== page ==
This week's book giveaway is in the OO, Patterns, UML and Refactoring forum. We're giving away four copies of Refactoring for Software Design Smells: Managing Technical Debt and have Girish Suryanarayana, Ganesh Samarthyam & Tushar Sharma on-line! See this thread for details.
Some choices for running a command as the 'root' user are :
1) Switch to 'root' before executing the command. This will work on all Linux distributions but of course you have to be able to switch to 'root'.
2) Use 'sudo' with the '-S' switch and pass the user's password to the Process stdin. This requires the user to be registered in the sudoers configuration file (the prime user is by default on Debian based distributions) with permissions set to execute the command being run. This either requires one to put the the password in the program (very very insecure) OR to create a dialog in which the user enters his password OR to pass the password as an argument to the Java program.
3) Use 'gksudo' which automatically brings up a password dialog . This is my preferred approach and the one I always use if I can. It also requires the user to be registered in the sudoers configuration file and, of course, that 'gksudo' is available.
For this 3rd approach your command would be
Note - you should really handle the process stderr stream and the process exit code which is explained in http://www.javaworld.com/jw-12-2000/jw-1229-traps.html . You should read ALL the sections and implement ALL the recommendations.
Note 1 - you might do better to use ProcessBuilder. It has, in my view, a better interface and is what Runtime.exec() uses behind the scenes. You still need to read the 'traps' article since it is still applicable and the recommendations still apply..
dharma cool wrote:i am trying to execute the linux super user commands via java program.
The first question I have is: why?
This is NOT what Java was designed for; and I, for one, would be VERY suspicious of any such program running on one of my systems (15 years as a Unix/Linux admin), and if I discovered one, I would probably remove it immediately and silently.
Perhaps if you explained what you're trying to achieve, we could suggest a better (and safer) alternative.
Isn't it funny how there's always time and money enough to do it WRONG?
Articles by Winston can be found here
dharma lingam s
Joined: Aug 29, 2013
i installed some open source tools that things are work only on super user mode. to make easier my job i am doing automation so that i am asking..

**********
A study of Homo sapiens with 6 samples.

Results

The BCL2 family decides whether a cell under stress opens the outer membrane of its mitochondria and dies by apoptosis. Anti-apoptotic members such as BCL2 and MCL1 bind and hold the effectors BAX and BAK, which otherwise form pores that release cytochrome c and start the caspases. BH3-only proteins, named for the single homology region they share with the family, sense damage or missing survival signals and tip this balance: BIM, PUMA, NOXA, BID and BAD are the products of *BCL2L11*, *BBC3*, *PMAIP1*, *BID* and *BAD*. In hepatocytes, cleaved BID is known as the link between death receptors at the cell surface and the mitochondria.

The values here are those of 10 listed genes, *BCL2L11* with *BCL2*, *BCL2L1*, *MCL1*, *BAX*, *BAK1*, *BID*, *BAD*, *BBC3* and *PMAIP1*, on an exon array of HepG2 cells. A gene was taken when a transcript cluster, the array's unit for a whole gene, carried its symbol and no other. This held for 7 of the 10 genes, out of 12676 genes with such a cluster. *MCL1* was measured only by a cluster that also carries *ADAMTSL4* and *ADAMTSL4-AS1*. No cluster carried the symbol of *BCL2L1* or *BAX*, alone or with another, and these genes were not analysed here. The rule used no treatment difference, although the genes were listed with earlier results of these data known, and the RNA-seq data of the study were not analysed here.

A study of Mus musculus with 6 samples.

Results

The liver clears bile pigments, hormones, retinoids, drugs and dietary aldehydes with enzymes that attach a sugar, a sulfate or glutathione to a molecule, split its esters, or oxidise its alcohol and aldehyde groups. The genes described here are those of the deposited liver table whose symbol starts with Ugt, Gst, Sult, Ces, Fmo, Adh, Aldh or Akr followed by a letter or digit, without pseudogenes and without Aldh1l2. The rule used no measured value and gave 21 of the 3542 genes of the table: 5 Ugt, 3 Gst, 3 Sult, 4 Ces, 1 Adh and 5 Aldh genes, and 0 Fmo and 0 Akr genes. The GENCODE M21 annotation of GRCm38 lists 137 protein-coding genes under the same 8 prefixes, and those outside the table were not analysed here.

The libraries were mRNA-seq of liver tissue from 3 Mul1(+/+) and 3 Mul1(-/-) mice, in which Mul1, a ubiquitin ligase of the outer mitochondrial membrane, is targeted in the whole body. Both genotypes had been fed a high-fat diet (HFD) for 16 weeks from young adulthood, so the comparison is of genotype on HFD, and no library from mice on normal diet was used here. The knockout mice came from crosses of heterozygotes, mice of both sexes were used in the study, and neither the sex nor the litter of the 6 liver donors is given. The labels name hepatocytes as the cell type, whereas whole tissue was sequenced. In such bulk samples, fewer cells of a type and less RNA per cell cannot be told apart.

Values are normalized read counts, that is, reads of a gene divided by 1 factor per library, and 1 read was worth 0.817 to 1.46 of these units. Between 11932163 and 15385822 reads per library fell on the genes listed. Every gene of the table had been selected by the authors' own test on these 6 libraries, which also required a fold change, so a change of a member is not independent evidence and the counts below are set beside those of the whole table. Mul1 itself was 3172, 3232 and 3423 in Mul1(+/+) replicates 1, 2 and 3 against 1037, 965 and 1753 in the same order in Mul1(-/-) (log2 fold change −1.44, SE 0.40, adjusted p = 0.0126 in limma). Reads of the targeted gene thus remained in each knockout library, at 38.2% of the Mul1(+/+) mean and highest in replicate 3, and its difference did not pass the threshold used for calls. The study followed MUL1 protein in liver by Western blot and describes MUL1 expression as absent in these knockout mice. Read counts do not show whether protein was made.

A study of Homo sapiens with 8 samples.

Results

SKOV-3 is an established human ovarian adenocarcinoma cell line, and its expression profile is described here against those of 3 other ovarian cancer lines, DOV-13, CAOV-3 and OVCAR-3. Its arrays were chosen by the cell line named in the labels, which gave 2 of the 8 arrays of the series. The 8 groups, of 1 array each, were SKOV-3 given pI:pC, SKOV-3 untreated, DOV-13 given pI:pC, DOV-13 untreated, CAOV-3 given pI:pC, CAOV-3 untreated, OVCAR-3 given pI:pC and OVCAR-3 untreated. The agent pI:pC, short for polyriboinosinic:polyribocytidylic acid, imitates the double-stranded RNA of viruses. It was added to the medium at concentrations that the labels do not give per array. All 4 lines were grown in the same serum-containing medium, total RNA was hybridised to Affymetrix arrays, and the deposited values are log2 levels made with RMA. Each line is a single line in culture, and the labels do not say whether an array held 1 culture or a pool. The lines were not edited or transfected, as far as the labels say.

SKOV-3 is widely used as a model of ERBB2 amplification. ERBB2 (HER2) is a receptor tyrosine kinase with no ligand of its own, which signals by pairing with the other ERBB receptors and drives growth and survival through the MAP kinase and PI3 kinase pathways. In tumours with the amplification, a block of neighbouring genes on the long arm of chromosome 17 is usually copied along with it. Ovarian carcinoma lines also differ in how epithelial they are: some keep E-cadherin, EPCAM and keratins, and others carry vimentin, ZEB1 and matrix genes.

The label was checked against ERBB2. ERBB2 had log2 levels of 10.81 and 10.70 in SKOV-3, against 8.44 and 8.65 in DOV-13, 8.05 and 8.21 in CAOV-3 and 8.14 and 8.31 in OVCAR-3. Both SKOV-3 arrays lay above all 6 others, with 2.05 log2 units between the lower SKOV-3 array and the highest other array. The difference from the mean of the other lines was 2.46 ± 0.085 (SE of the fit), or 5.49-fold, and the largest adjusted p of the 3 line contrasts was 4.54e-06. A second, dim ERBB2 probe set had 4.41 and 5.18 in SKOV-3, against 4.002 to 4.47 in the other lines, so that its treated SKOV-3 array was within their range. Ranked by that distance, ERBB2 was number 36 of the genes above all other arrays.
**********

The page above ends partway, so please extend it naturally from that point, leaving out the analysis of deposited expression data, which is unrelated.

@Winston Gutkowski if you know way means suggest me.
dharma lingam s wrote:i installed some open source tools that things are work only on super user mode.
Well, that right there sounds alarm bells for me. What are these "tools" for, and why do they need superuser access?
to make easier my job i am doing automation so that i am asking..
I need a bit of background before I start advising anything.
1. Is this for use on your home computer?
2. If for work:
(a) Have you informed your admins that you've installed these products?
(b) Have you informed them of your intention to automate this process, and got their approval?
Anything requiring superuser access is inherently unsafe, so you'd better be absolutely sure that you trust these "tools" before you even consider such a move. At most places I've worked, trying anything like this without written management approval would be grounds for dismissal; so think very carefully before you just plough ahead.
Furthermore "sudo" is mainly a command-line function, and it's designed to be used on individual commands, not via something like Java (which may well be why you're having so much trouble). I suspect you'd be much better off trying to get your java program running with SU privileges, and then invoke your tool but, to be honest, the whole approach sounds a bit clunky to me.
Is this not, for example, something that you could "automate" through cron?
dharma lingam s
Joined: Aug 29, 2013
Winston Gutkowski : xen hypervisor. And this is my system only. so no problem for calling the sudo by JAVA program.